This story was originally published by DNAinfo Chicago. It has been updated.
LITTLE ITALY — For Chicago’s Italian Catholics, Fridays during Lent mean one thing: pepper and egg sandwiches.
“I really think it’s tied to Chicago,” said Kathy Catrambone, executive director of the University Village Association. “It’s like the Italian beef.”
It’s a decidedly simple, and decidedly Chicagoan, concoction. The classic version features eggs scrambled and mixed with bell peppers served on French bread.
The sandwich was created by immigrants who came to Chicago from Italy in the late 19th century and early 20th century, though exactly who paired eggs and peppers together first is unclear.
The sandwich has long been a centerpiece for Friday meals among Chicago’s Italian Catholics, who, until 1965, were required to not eat meat on Fridays. After 1965, that requirement only covered Fridays during Lent.
Initially made in batches in home kitchens, today the sandwich is served in delis and restaurants owned by Italian American families across the city.
Michael Fiore, who for decades has run Fiore’s Delicattesen on the corner of Erie Street and Oakley Boulevard in West Town, says his deli was the first to have sold the sandwiches in Chicago.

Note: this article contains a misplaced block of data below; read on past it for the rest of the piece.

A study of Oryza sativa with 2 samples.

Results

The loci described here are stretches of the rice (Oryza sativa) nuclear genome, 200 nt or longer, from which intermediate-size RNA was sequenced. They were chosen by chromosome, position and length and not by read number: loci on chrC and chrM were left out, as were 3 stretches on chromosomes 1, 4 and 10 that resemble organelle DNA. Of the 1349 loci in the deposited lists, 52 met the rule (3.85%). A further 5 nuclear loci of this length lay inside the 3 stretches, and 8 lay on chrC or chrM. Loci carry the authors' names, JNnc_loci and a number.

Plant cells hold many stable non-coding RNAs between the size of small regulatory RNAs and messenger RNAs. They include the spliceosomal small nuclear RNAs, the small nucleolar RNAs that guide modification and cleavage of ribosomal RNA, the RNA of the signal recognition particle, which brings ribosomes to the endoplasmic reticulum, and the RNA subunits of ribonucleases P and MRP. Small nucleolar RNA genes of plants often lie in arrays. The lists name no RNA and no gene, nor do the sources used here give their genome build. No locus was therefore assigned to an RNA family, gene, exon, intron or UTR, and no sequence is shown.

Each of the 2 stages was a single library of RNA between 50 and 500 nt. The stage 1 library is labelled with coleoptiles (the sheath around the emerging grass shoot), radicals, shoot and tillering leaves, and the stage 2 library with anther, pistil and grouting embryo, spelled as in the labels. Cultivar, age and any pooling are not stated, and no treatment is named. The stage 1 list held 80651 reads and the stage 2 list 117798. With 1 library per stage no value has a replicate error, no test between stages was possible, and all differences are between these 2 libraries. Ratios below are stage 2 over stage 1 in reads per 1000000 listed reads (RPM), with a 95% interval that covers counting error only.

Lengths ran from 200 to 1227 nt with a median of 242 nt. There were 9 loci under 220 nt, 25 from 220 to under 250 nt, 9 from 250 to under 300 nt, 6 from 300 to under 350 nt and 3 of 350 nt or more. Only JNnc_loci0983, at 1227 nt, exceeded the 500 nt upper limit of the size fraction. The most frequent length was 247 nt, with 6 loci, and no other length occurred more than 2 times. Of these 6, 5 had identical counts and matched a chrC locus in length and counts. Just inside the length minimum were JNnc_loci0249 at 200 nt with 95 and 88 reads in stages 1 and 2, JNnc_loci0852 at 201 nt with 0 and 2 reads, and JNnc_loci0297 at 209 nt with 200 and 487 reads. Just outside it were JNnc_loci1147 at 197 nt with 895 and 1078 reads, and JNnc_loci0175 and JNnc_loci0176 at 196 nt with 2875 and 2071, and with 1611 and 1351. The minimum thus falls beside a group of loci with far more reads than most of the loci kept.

After more than 40 years, they remain a hit, he said on Tuesday.
“I get a lot of demand,” Fiore said. “We sell these sandwiches every day.”
When Fiore first started selling his sandwiches — which he said are special because of the way he spices the peppers and roasts them — the deli only sold them during Lent.
But the sandwich’s enduring popularity has led Fiore to sell them year-round, and while they’re most popular during Lent, he gets an order — or two or three — every day, he said.
Once Lent starts Wednesday, Fiore’s will start getting larger orders, the owner said. Fiore suggested fans call ahead to order the sandwich, especially if they have multi-sandwich orders.
Fiore’s isn’t the only deli to serve the sandwiches year-round.
“We have them for lunch all the time, all year long,” said Nacho Bautista, a Catholic and owner of Gio’s Cafe and Deli in Bridgeport, in 2015. Gio’s serves the sandwich in a classic form and “Sicilian” with diced potatoes inside.
Regardless of who created it, it’s become a comfort food for many Chicago Catholics.
“I’ve been eating them my whole life,” Catrambone said. “It’s the best thing about Lent. You get to eat pepper and egg sandwiches.”